In questions of science, the authority of a thousand is not worth the humble reasoning of a single individual.
“Le GIEC est mort, vive le débat!” (Le Monde)
Global warming science is as dead as the dodo. The last nail in its coffin came this week from reports that embattled former CRU director Phil Jones covered up the fact that data from Chinese weather stations was flawed and that the original data documentation was nowhere to be found. (The dog ate it?)
Jones and a collaborator have been accused by a climate change sceptic and researcher of scientific fraud for attempting to suppress data that could cast doubt on a key 1990 study on the effect of cities on warming – a hotly contested issue.
Today the Guardian reveals how Jones withheld the information requested under freedom of information laws. Subsequently a senior colleague told him he feared that Jones’s collaborator, Wei-Chyung Wang of the University at Albany, had “screwed up”…
Wang was cleared of scientific fraud by his university, but new information brought to light today indicates at least one senior colleague had serious concerns about the affair.
It also emerges that documents which Wang claimed would exonerate him and Jones did not exist.
This may be the blow that brings the whole “climate science” scam down. With AmazonGate, GlacierGate, and the entire CRU leaked email scandal, I can’t think of a single mitigating circumstance that would make me confident that any single piece of data in any report from NOAA, GISS, CRU, or the IPCC was true and verifiable. Or that any report produced as a result of that data should be relied on to enact legislation that would dramatically affect the economy and emissions of any nation.
In the grand scheme of things, this is really a shame. The humble reasoning of an individual should lead him to conclude that human society affects the planet and the climate. How much? Uncertain. But wouldn’t it be nice to know, for instance, whether humans have less effect on our climate than, say, the methane emissions of the tens of millions of buffalo that once roamed the Great Plains… or even the 1.5 billion domestic cattle that exist today? Because according the the United Nations as of four years ago, that truly is the greatest “global warming” threat:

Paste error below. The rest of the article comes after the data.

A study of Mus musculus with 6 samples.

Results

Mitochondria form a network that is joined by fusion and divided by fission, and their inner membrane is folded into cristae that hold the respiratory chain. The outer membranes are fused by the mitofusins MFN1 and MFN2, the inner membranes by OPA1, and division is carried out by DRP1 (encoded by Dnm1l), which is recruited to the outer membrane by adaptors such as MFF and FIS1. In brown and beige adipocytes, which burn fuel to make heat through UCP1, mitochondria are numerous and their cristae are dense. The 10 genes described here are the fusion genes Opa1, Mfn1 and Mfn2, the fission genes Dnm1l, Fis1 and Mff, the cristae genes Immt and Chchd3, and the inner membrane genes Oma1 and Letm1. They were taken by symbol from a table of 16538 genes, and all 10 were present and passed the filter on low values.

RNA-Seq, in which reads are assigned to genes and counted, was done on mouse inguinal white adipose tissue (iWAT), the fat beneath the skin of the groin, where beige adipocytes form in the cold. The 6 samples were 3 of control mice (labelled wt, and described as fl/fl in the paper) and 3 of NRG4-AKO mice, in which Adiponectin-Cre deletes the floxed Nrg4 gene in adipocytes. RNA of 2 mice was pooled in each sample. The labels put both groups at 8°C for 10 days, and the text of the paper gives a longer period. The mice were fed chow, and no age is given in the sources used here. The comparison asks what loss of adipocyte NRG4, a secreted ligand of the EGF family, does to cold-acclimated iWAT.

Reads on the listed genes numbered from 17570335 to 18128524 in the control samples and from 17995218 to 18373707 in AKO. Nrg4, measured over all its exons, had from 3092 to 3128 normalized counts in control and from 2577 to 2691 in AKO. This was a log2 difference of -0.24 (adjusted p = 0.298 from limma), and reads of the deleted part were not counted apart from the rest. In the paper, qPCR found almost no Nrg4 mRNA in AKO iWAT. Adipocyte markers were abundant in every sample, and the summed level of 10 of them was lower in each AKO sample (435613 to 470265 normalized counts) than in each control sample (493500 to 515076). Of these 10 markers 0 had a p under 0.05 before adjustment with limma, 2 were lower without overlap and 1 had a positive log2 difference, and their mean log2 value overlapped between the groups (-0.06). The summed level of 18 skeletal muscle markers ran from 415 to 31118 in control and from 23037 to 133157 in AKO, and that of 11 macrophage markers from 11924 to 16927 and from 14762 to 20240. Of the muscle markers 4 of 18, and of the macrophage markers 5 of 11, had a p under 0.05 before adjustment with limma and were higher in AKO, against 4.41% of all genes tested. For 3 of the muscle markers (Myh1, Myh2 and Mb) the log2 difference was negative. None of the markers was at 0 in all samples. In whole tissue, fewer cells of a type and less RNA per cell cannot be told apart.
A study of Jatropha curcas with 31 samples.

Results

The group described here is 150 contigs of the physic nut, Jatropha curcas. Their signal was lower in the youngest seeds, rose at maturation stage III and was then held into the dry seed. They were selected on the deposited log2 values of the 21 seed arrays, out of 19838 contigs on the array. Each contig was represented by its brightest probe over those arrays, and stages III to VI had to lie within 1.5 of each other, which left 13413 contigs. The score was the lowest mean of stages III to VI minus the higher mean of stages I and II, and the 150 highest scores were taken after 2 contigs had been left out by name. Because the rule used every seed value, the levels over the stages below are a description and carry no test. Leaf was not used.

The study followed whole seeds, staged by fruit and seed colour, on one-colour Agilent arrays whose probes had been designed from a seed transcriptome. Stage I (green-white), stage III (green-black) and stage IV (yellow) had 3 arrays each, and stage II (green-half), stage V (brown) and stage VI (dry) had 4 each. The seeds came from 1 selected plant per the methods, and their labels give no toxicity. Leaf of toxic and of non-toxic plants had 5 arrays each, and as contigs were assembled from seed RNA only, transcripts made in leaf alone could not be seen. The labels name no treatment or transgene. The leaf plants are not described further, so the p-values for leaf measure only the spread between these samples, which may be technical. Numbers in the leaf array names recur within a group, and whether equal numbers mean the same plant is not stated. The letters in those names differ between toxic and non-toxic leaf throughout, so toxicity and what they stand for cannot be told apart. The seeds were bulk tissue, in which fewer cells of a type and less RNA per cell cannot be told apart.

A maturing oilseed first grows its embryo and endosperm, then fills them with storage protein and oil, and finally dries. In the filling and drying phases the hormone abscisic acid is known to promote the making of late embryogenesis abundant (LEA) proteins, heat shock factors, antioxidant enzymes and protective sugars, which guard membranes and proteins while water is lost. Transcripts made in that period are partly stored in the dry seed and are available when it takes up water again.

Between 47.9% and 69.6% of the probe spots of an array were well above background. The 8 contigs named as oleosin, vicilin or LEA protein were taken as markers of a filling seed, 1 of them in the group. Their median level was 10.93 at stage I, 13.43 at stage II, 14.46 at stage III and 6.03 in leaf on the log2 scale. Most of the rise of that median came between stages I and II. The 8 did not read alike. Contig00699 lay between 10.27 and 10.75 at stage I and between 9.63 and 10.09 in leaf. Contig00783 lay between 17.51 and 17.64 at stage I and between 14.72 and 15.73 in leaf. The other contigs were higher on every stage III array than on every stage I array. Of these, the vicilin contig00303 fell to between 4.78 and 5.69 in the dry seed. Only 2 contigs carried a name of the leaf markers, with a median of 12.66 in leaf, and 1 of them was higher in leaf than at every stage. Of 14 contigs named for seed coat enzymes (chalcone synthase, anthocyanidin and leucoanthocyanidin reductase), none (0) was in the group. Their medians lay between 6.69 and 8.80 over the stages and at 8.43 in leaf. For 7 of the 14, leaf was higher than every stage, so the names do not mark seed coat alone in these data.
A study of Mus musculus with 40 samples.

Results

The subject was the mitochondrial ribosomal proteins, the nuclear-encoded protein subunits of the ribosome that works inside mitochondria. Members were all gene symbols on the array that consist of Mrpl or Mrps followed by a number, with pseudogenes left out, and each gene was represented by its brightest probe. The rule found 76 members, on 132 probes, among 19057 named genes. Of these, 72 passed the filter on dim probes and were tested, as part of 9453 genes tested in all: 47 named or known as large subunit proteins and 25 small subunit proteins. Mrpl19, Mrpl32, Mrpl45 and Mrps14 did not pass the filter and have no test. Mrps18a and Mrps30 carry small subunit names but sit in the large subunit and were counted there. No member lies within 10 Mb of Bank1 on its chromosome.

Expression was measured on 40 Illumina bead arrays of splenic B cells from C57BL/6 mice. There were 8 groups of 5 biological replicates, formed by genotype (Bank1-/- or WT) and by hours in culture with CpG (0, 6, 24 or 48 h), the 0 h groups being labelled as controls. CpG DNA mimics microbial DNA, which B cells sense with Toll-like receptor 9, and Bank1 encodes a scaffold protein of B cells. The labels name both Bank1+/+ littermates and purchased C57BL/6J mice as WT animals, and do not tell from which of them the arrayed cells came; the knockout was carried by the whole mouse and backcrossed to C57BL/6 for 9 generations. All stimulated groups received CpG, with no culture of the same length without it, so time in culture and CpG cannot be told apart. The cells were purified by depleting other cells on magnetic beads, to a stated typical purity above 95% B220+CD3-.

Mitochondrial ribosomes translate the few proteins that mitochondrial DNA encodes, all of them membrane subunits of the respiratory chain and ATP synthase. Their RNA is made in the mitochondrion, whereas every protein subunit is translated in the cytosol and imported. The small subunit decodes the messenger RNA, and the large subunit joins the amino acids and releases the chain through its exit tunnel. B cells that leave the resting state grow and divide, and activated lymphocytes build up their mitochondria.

A United Nations report has identified the world’s rapidly growing herds of cattle as the greatest threat to the climate, forests and wildlife. And they are blamed for a host of other environmental crimes, from acid rain to the introduction of alien species, from producing deserts to creating dead zones in the oceans, from poisoning rivers and drinking water to destroying coral reefs.
The 400-page report by the Food and Agricultural Organisation, entitled Livestock’s Long Shadow, also surveys the damage done by sheep, chickens, pigs and goats. But in almost every case, the world’s 1.5 billion cattle are most to blame. Livestock are responsible for 18 per cent of the greenhouse gases that cause global warming, more than cars, planes and all other forms of transport put together. [emphasis mine]
On the other hand, if data coming out of the United Nations is suspect, why should we even believe this? I don’t know.
So we need to scrap all the data and start from scratch. Humanity should understand the effect we have on our home. So let’s begin again and gather the data in a transparent and scientifically sound way, base conclusions on fact, not opinion, and write reports that are not biased toward a certain conclusion.
Because right now, my humble reasoning leads me to believe that we’ve got bupkis.